Low ICU Capacity Could Affect Non-Coronavirus Patients The Most


Medical professionals care for a COVID-19 patient at UAB Hospital.

Alabama’s ICU capacity has fallen to 19% as coronavirus cases continued to climb steadily across the state. That amounts to about 300 ICU beds of 1,600 available statewide. Alabama confirmed 787 new cases Friday, bringing the total to 28,583. While the number of hospitalizations has fluctuated slightly,  overall it has trended upward since the pandemic began. That’s concerning to Dr. Don Williamson, president of the Alabama Hospital Association.

For more on the impact on hospitals, we spoke with Williamson.

 

How significantly is hospital capacity being squeezed across the state?

Depending on where you look, those numbers are better or worse. If you look in Huntsville or Birmingham, they may not have as many ICU beds as they normally would. They have plenty of beds available. If you looked at Tuscaloosa, if you looked at Dothan and if you looked at Montgomery, those ICU beds are in much, much shorter supply. Yesterday morning, for example, I think we had one or two available ICU beds in the Montgomery region. And the problem is those beds, by the time the [state] report is filled out, those beds may well already be filled because many of the hospitals were holding patients on ventilators in the ED [emergency department]. And as those beds in the ICU cleared out, patients from the ED could simply be moved to fill the beds.

What happens if some of the hospitals in these areas that are struggling reach capacity? What’s the ripple effect, and who feels the squeeze?

There are two things that happen. The first thing is that every hospital has a surge plan. Some of our hospitals have already implemented their surge plans. Early on in Auburn-Opelika, they converted other spaces that normally wouldn’t have been used for intensive care into intensive care beds. In the Montgomery area, hospitals have taken spaces that they might normally have used for cardiac care and converted them into intensive care spaces. We’ve seen surgical intensive care beds converted into COVID beds. So the capacity for expansion even in this tight environment exists, but it comes at a cost, and that cost is if you’re filling up beds you normally would use, say, for stroke or for cardiovascular postop care, it reduces your ability and your flexibility to provide some of that care. So it limits in some ways what hospitals can do. The effect on patients is — the thing I’ve heard from some Birmingham hospitals — is that non-COVID patients that would normally have been referred to Montgomery are being referred directly to Birmingham. So the impact is not so much on the COVID patients. The greater impact may be on non-COVID patients. I suspect patients who present with myocardial infarction, they’re still going to get really good care at a Birmingham hospital. The more likely scenario is that some elective surgeries or procedures either get delayed or they’re shifted to Birmingham.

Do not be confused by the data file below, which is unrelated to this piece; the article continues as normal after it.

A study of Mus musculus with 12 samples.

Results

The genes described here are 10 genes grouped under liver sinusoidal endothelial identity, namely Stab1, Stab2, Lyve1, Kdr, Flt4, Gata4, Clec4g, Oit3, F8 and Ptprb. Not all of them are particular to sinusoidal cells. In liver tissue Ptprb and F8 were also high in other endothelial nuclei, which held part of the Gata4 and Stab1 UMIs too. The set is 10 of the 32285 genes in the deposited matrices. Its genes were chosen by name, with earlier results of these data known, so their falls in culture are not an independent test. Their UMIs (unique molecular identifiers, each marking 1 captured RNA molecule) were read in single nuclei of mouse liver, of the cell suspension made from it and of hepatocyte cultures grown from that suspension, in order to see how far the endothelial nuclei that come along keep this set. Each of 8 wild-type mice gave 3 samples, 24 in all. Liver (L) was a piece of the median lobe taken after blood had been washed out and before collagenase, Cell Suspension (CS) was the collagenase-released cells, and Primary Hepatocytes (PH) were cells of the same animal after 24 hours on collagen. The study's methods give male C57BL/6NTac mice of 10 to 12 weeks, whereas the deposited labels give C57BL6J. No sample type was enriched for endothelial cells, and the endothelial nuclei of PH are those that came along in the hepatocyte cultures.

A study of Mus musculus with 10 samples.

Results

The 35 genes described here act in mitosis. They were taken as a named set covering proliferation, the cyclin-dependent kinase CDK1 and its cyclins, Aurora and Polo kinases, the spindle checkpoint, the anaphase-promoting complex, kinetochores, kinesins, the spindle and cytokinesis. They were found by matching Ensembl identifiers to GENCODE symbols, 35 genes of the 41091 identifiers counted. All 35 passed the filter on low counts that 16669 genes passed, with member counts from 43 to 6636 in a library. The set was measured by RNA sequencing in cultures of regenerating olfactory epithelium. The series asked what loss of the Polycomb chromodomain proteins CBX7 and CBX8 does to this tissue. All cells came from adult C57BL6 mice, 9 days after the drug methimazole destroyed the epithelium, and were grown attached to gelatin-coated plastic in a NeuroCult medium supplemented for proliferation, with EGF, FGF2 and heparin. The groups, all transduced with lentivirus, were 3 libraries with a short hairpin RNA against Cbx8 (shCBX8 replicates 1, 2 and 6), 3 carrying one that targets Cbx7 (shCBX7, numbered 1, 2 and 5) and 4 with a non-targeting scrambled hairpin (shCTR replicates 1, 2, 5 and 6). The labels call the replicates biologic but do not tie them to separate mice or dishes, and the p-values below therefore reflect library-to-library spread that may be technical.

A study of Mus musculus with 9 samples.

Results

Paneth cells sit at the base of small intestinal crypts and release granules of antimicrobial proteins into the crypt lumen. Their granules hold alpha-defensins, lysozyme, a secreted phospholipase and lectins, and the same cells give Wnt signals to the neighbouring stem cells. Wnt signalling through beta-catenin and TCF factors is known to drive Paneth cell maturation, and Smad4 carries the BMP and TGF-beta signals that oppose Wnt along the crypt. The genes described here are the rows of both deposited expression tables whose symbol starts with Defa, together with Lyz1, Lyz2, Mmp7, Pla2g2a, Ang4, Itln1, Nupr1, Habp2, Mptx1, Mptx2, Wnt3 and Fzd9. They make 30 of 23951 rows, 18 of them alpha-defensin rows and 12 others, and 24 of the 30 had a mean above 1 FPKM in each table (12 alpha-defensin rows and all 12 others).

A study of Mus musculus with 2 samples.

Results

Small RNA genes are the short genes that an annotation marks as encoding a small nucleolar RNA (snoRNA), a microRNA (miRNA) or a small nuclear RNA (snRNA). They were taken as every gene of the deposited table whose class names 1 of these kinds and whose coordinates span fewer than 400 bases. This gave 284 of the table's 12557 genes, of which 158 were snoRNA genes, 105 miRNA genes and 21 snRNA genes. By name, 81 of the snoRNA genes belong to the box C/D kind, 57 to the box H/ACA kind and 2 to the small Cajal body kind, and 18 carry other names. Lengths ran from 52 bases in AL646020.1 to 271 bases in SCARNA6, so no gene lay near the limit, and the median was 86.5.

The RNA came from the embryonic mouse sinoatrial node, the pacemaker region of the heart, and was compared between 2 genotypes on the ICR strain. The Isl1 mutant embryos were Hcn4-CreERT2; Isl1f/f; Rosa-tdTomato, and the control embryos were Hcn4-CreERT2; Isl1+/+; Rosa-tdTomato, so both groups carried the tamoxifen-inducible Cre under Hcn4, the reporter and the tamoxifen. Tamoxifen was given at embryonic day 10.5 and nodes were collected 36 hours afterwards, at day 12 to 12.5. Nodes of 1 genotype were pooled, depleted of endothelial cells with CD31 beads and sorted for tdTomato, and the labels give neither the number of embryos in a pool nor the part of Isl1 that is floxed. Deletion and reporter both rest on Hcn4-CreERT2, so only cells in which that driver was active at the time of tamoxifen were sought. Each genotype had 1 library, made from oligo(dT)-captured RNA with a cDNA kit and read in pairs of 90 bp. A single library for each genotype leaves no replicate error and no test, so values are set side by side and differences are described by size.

Have we, in your view, gotten a handle on the pandemic here?

Oh, heavens no. We had 663 people in Alabama hospitals with confirmed COVID diagnoses yesterday. And we had 882 new cases reported yesterday. While that number is helpful in that it gives us some measure of the burden of disease, I think looking at simply the number of cases reported in a given day actually is not a very good measure. As an example, over the preceding two or three days, you had a decline in reported cases. Well, we didn’t see a corresponding decline in hospitalizations. Cases are more unstable. Hospitalizations are a much more stable and much more reliable measure of the burden of disease. And we’re simply seeing nothing that suggests a sustained decline in hospitalizations. We see day-to-day fluctuations that may be down one day, then it’s back up the next day. And if you look at the trend line, the trend line is is absolutely still going up. I’m not seeing anything that makes me think we have control of this outbreak. I think it is, I fear, one we’re going to be dealing with now well into the summer.

What are you most worried about in the coming weeks and months?

I worry a great deal about what it’s going to look like when we see individuals come back to school and college in the fall. What I’m now concerned about is that we, in essence, never get out of the first wave, that we maintain sustained transmission in Alabama through the summer, which so far we’ve not seen any effect of heat and sunshine and reducing transmission. Hopefully it will, but we’ve just not seen it yet. My great fear is that we have a coincidental outbreak of regular influenza on top of the already high burden of COVID-19. My real fear is the December, January, February window — if we are seeing a second wave or a heightened first wave of COVID-19, and we add on top of that the burden of regular influenza, that to me is the period when we run the greatest risk of seeing our hospitals overwhelmed in their capacity to respond.

 

This interview has been condensed and edited for clarity.